The Launch Pad for a Student-Centric Future of Higher Education
The private sector is rife with examples of large corporations making strategic pivots to keep up with (or get ahead of) industry disruption. When Jeff Bezos founded Amazon in the early 1990s, the company sold books online. A couple decades later, the e-commerce behemoth sells everything online— and is crossing over to the brick-and-mortar space. Netflix followed a similar transformation path, evolving from a DVD rental service to a leading provider of streaming third-party and original content.
The ability to make these dramatic, sometimes risky leaps is the result of multiple factors falling into place, from leadership teams to funding limitations. But increasingly, the common denominator between successful evolutions is agile, cloud technology.
As college and university leaders seek creative ways to bridge their institutions into the future and serve new, diverse audiences, embracing cloud transformation should be part of the conversation.
A Path to Reaching New Student Populations
The shift from managing costly, legacy on-premise infrastructure to hosting software and services in the cloud has proved to be a critical turning point for multiple industries.
Cloud platforms have democratized the internet for retailers, sparking an e-commerce revolution that lets brands reach consumers regardless of location or store footprint. In healthcare, these systems are the springboard for launching telehealth and other virtual initiatives (which in turn improve access to care, mitigate costs and elevate the consumer experience).
This technology presents higher education institutions with a comparable opportunity to improve access for a new pool of learners, including:
- Adult learners: As more high school graduates forgo the cost of a traditional degree in favor of full-time employment, certificates and skill-specific boot camps, adult learners are emerging as a key target for higher education institutions. Enrollment for students 25-34 years-old is projected to rise 16 percent through 2025, compared to 13 percent for 18-24-year-olds. For adult students balancing full or part-time jobs with family care and other responsibilities, online programs present a more realistic option than being on campus multiple days per week.
- International students: Serving global communities is an integral component to many higher education institutions’ missions. However, research shows that less than 1 percent of distance learners are international. And after a period of continued growth, new international student enrollment at U.S. institutions is plateauing (and in some instances, declining). Investing in robust virtual programs is one way to maintain a global presence even as on-campus demographics change.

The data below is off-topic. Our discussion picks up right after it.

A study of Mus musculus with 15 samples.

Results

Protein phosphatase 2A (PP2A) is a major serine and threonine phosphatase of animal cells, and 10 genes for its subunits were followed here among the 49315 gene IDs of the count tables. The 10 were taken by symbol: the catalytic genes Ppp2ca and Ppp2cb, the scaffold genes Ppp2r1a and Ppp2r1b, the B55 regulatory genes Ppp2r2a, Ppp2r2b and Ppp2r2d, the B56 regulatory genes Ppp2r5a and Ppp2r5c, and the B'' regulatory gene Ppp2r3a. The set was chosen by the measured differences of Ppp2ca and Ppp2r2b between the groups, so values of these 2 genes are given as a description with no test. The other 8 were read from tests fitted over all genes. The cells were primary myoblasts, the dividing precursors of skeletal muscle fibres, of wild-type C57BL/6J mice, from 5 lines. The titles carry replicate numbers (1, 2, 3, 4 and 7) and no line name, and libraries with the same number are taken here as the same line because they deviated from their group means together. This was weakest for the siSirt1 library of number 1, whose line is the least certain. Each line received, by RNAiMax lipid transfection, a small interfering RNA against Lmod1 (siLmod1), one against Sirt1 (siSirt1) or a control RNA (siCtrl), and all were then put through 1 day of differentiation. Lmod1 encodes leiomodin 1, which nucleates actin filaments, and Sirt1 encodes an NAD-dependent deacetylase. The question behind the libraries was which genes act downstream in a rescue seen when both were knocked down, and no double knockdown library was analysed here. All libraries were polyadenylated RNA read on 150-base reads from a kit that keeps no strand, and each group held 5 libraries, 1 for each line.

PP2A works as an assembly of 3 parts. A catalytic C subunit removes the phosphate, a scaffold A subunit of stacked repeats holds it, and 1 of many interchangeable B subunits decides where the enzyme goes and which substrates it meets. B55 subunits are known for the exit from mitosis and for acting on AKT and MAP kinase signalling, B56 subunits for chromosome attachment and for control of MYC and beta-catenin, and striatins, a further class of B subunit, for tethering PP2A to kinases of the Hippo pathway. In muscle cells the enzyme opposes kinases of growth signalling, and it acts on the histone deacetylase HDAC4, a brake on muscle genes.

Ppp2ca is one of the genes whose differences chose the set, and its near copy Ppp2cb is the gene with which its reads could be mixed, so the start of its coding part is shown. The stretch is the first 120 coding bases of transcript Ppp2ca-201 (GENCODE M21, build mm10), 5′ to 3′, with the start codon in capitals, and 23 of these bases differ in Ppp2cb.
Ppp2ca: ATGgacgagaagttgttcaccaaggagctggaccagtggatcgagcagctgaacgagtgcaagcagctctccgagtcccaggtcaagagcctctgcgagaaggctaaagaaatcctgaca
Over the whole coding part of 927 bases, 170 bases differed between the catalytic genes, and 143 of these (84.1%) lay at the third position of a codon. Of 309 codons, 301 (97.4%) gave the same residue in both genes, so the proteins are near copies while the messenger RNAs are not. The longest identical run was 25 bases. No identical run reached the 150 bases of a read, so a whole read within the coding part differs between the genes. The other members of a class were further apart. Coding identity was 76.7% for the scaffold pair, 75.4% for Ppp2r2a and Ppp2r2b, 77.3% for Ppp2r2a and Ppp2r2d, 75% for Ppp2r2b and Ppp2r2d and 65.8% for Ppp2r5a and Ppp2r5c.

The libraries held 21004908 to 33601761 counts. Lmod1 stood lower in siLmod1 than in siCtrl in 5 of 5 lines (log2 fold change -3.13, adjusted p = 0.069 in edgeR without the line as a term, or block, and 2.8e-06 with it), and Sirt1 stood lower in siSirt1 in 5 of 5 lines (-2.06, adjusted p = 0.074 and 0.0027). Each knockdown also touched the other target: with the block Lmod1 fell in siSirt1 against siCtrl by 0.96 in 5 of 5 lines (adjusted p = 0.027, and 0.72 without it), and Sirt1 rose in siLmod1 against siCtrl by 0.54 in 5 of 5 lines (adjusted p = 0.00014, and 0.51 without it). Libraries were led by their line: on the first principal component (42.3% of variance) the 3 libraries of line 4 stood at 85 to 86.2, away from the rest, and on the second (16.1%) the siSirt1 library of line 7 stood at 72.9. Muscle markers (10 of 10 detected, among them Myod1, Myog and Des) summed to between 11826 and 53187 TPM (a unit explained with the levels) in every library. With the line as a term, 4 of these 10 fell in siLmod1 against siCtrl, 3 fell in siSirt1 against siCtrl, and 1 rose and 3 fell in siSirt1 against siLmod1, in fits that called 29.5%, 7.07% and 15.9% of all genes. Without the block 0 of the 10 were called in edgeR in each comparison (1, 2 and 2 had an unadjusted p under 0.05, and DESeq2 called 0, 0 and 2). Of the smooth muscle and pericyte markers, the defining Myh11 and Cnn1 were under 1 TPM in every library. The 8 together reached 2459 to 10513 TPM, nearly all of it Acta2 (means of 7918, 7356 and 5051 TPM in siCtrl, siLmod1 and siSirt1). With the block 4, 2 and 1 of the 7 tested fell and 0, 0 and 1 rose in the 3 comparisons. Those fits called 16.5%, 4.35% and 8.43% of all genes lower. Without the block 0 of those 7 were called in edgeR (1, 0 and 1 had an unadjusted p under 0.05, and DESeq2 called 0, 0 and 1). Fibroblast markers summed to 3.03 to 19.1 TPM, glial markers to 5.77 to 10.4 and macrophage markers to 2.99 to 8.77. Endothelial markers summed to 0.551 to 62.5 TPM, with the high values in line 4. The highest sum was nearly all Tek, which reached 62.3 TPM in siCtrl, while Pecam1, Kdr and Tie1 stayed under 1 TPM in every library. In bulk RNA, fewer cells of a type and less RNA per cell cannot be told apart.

- Rural students: Compared to U.S. urban and suburban high school students, rural high school graduates continue to be least likely to enroll immediately in post-secondary education. There is no silver bullet solution to the rural access challenge, however, improved virtual and hybrid learning platforms can be an effective step toward meeting these students where they are.
A Strong Foundation for Higher Education Access and Innovation
Improving student access and driving new revenue via online learning is only one example of cloud technology’s potential in higher education. Migrating portions of your institution’s IT environment to the cloud provides the flexibility to pursue greater academic and operational innovations, such as:
Beyond serving as a conduit to operational efficiencies and lower IT costs, cloud systems also provide a foundation for meaningful innovation.”
- Personalized learning: Just as health systems are embarking on precision medicine efforts to tailor preventive treatments and care delivery at an individual level, higher education institutions are exploring the possibility of personalized learning experiences. Any form of personalization, be it customized communications to guide study habits or online courses that adapt to an individual student’s competency level, requires robust analytics. Cloud-based learning management systems and student information systems simplify not only the heavy lift of collecting this data in real time, but also the step of scaling personalization across broad student populations.
- Cross-institution collaboration: No institution is alone in the race to elevate the academic and student experience (while managing costs and maintaining revenue). With the help of cloud platforms, colleges and universities are joining forces to solve some of the higher education sector’s most pressing challenges. The Unizin Consortium, for example, is a group of 25 institutions collaborating to promote more accessible, affordable and student-centric digital education. In April 2018, Unizin announced plans to build a data platform using Google Cloud, which will let member institutions securely share, integrate and analyze learning data. This interoperability will be critical to making industrywide progress in virtual learning.
The majority of higher education institutions have begun, or at least discussed, transitioning to the cloud. Beyond serving as a conduit to operational efficiencies and lower IT costs, cloud systems also provide a foundation for meaningful innovation.
Faced with funding challenges, evolving student populations and rising expectations for the learning experience, higher education leaders need to prepare for the future today. Creating a future-proof institution takes vision, thoughtful planning and time. Adding cloud into the equation can ensure you get there faster.